Rights group: Egypt uses solitary confinement as 'torture'

CAIRO — Egypt is holding political prisoners in "prolonged and indefinite solitary confinement" that amounts to "torture," an international rights group said Monday.

In a new report, Amnesty International said dozens of detained human rights activists, journalists and members of the opposition held in solitary confinement face "horrendous physical abuse." Such treatment results in "panic attacks, paranoia, hypersensitivity to stimuli, and difficulties with concentration and memory," it said.

Egypt has detained thousands of people, mainly Islamists but also several prominent secular activists, since the military overthrew an elected but divisive Islamist president, Mohammed Morsi, in 2013. Morsi himself has reportedly been held in solitary confinement for most of the last five years.

"Under international law, solitary confinement may only be used as a disciplinary measure of last resort, but the Egyptian authorities are using it as a horrifying 'extra' punishment for political prisoners," said Najia Bounaim, Amnesty's North Africa campaigns director.

The London-based group said it has documented 36 cases of prisoners being held in solitary confinement, including six who have been isolated from the outside world since 2013. It said the prisoners in solitary confinement remain in their cells for 22 hours a day.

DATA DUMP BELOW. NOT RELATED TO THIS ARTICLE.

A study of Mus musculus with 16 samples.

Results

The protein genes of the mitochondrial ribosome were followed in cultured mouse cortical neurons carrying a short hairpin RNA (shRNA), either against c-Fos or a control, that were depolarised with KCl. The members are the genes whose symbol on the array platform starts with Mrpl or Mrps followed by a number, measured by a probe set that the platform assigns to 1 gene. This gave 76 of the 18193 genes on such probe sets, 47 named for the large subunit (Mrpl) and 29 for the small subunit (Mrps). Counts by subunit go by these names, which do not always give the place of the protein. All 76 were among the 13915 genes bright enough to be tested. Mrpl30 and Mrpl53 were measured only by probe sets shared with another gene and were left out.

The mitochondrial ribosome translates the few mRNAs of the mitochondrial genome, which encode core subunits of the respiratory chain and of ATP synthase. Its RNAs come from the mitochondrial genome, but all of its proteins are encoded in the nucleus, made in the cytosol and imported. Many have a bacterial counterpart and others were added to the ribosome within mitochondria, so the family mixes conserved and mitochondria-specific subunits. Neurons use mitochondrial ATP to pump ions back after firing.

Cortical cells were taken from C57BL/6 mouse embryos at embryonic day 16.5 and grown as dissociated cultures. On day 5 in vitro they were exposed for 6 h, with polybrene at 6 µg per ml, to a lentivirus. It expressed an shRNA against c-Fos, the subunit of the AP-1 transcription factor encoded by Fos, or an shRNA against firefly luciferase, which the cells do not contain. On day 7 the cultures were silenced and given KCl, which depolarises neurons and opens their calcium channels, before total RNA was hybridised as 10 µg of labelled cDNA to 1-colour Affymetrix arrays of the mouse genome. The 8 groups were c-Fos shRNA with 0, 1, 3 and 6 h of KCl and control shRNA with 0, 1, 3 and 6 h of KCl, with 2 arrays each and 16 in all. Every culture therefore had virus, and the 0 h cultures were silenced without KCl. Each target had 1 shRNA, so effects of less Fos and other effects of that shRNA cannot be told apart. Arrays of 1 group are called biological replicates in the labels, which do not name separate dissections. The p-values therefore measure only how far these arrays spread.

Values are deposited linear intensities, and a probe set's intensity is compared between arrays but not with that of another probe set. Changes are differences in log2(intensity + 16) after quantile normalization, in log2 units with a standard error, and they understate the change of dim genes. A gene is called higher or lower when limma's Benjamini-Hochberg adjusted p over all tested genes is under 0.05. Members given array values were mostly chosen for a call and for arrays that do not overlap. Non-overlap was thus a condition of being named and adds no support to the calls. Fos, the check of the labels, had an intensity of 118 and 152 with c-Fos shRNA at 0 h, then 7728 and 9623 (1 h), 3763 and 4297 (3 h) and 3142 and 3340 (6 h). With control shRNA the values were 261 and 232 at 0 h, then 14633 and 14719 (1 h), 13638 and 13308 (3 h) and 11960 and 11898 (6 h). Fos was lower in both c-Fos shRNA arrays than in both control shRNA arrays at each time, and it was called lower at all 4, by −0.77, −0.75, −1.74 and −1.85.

Amnesty and other rights groups say torture and abuse are widespread in Egyptian prisons.

Basing its report on dozens of interviews with former prisoners and with family members of current prisoners, the group said abuses range from extended beatings to lack of food, humiliation and restricted movement for years on end.

Prisoners held in solitary confinement "suffer depression, insomnia and an unwillingness to socialize or speak to other people when released back into the prison population," it said.

The prolonged solitary confinement is usually aimed at extracting confessions and punishing prisoners for protesting ill-treatment, but some are held in solitary confinement purely because of their past political activism, Amnesty said.

"Prison conditions in Egypt have always been bad, but the deliberate cruelty of this treatment shows the wider contempt for human rights and dignity by the Egyptian authorities," Bounaim said.

Later on Monday, Amnesty said that Egypt responded to its report with a 14-page statement, denying that the use of prolonged, solitary confinement is wide-spread. However, the London-based watchdog said the Egyptian response confirmed that judicial oversight and human rights monitoring of prisons are "inadequate and ineffective."

Egypt's Interior Ministry has in the past denied allegations of systemic torture, blaming any abuses on individuals and saying they are being held accountable. Several officers have been tried and convicted of torture, while others have been acquitted.

Egypt has said enhanced security measures are needed to combat the Islamic State extremist movement and other armed groups that have stepped up attacks since 2013.